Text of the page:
New government in Italy, US-China trade breakthrough or Hong Kong extradition bill withdrawal, there were lots of arguments for the market to go higher. Over the week, the main American indices ended up sharply. The same positive trend for European indices with an average increase of nearly 1.5% despite talks about the Brexit outcome. In Asia, most of the indices were fueled by hope that the Hong Kong turmoil will end and that trade talks between Washington and Beijing will resume shortly.
The pound rebounded from its lowest level in 34 years (excluding a brief "flash crash" in 2016 that may have been caused by technical glitches during a highly volatile day of trading) as MPs attempted to block a no-deal Brexit and Prime Minister Boris Johnson lost his majority. At the G10 level, excluding the Japanese yen, all the members finished the week positively against the dollar (the Swedish krona was the best performer). At the emerging market level most of the members' currencies (against the dollar) experienced increases over the week with a significant over-performance for the Argentinian peso. Still in emerging markets, there were also notable increases in the Colombian peso and the Russian rubble. Only the Indian Rupee and the Chilean peso krone managed to finish in red.
A zombie company describes a firm that cannot meet its debt obligations without taking out even more debt or liquidating assets. That said, the longer interest rates stay low, the more the zombie population will multiply. In fact, across 14 advanced economies, zombies now number 12% of all publicly listed companies, according to a research paper by the BIS (Bank for International Settlements). Within the S&P 1500, 14% of companies could be classified as zombies, according to the BIS. In the 1980s, the share was a mere 2%. But in an era of rising rates , or a recession that pummels everybody across the board, there can be rude awakenings for companies that previously "looked" okay. It i’s not just the U.S. dealing with this problem, either. Since low rates are a global phenomenon, there are plenty of the Walking Dead lurching around in Europe and China, as well. One result of a global zombie economy is that productivity suffers.
It’s a big surprise that nobody is talking about: Australia’s economy grew at its slowest pace in a decade last quarter. Yet, GDP rose just 1.4% in the June quarter from a year earlier, data showed on Wednesday, matching the worst of the global financial crisis. If there was a bright spot in last Wednesday's numbers it was that quarterly growth of 0.5% matched market forecasts, when there had been fears it would be even weaker. Yet almost all the growth came from government spending and exports, with domestic consumption hamstrung by miserly wage gains and a sharp downturn in home building. In all, public spending added 1.3 percentage points to GDP growth in the year to June, with net exports another 1.2 percentage points. Household consumption, usually a powerhouse of the economy, added a tepid 0.8 percentage points to growth for the entire year, while spending on autos actually sank 7%. While households were struggling, Australia’s huge mining sector enjoyed a massive profit windfall from high commodity prices and strong Chinese demand. The Reserve Bank of Australia (RBA) has called for fiscal action, as it cut interest rates in both June and July to reach an historic low of 1%. Investors already believe a quarter-point cut by November is a done deal, with another pencilled in by March.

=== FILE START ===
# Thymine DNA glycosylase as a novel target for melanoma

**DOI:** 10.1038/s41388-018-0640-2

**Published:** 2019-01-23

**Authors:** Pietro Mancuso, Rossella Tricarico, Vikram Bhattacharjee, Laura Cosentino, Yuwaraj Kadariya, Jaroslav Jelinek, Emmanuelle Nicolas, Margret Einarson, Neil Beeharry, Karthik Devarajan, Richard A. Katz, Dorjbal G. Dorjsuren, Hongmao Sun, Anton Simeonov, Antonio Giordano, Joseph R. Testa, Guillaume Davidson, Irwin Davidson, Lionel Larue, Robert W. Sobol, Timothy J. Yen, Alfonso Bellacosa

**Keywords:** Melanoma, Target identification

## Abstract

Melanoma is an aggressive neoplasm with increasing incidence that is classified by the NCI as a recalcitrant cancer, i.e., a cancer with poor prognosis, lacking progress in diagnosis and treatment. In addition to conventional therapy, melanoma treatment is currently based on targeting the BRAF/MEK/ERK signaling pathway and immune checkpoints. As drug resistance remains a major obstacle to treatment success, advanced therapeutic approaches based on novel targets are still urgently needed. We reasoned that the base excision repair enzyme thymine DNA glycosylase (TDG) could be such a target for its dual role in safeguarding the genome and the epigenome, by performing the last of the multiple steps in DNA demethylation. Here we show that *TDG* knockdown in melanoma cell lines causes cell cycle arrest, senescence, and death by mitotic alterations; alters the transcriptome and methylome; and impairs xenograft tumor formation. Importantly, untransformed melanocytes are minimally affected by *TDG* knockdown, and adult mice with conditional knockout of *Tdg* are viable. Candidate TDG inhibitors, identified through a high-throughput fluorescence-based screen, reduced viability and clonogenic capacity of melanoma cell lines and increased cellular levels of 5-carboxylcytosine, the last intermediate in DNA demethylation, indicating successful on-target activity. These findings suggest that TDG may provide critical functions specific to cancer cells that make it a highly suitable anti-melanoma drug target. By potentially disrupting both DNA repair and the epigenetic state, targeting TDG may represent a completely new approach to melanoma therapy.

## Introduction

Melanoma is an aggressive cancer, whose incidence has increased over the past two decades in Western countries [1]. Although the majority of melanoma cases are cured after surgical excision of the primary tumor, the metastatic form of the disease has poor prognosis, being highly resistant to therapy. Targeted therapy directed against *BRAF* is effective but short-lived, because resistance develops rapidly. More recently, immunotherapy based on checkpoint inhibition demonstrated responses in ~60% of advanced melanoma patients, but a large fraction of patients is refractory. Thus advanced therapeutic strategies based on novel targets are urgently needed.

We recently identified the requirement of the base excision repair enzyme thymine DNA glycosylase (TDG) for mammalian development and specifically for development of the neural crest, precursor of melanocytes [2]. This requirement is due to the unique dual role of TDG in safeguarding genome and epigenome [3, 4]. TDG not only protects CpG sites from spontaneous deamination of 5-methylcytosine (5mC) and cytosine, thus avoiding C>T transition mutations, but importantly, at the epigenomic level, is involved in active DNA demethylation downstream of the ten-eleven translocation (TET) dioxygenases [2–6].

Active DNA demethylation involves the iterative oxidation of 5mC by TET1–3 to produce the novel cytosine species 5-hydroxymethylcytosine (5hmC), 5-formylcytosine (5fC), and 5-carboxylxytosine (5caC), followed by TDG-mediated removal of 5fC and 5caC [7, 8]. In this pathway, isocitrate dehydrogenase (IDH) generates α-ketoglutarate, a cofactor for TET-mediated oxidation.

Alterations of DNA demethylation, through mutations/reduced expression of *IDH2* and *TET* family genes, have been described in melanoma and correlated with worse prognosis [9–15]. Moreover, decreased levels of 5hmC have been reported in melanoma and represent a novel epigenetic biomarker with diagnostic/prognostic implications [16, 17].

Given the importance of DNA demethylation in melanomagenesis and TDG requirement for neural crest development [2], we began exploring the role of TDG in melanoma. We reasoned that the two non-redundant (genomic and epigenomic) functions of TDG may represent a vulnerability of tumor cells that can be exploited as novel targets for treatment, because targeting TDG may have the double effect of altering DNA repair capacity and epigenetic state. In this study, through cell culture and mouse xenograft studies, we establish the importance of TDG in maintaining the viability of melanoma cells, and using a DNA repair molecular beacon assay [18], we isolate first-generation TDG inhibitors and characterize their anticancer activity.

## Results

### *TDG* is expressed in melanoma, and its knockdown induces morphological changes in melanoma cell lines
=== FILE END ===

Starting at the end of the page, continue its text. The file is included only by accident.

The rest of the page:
Shares in Aston Martin tumbled again and again this month as pressure continued to mount on the British luxury carmaker amid a broader market rout. The carmaker, based in Garydon, Warwickshire, last month downgraded its sales forecasts for 2019 from about 7,250 vehicles to 6,400, citing macroeconomic uncertainty in the UK and Europe, which face slowing growth and the threat of a no-deal Brexit at the end of October. Aston Martin’s weaker sales in the first half of the year – at a time when it needs to fund a new factory to build a make-or-break SUV, the DBX – have led many investors to question whether it will need to raise more money, potentially diluting the value of shares. The worsening outlook has added to financial pressures. Moody’s rating agency downgraded its rating on Aston Martin’s debt in July, making it more expensive for the carmaker to borrow money. Hedge funds have also taken out a record level of short bets that its debt will fall in value. Luxury carmaker is now worth now a fraction (5.46) of its £19 a share October 2018 listing price. As a reminder, Ferrari is trading near its record high…
Several hot topics were discussed this week, including:
August review / American yields are too… high / Is value dead (again) / Walking Dead / The Jeremy Corbyn put
“Effect of the US fiscal reform” (Opportunities) as we expect a fading fiscal stimulus in the coming months.
SWOT stands for Strengths, Weaknesses, Opportunities and Threats, the French equivalent of FFOM analysis (Forces, Faiblesses, Opportunités et Menaces). While SWOT analysis can be used to develop a company's marketing strategy and evaluate the success of a project (by studying data sets such as company's strengths and weaknesses, but also competition or potential markets), I decided several years ago to adapt it as a way to analyse financial markets. SWOT analysis allows a general development of markets by crossing two types of data: internal and external. The internal information taken into account will be the strengths and weaknesses of the market. The external data will focus on threats and opportunities in the vicinity. Finally, and most interestingly, there is a table that will evolve according to current events, which will allow it to reflect the underlying trend in the financial markets on a weekly basis.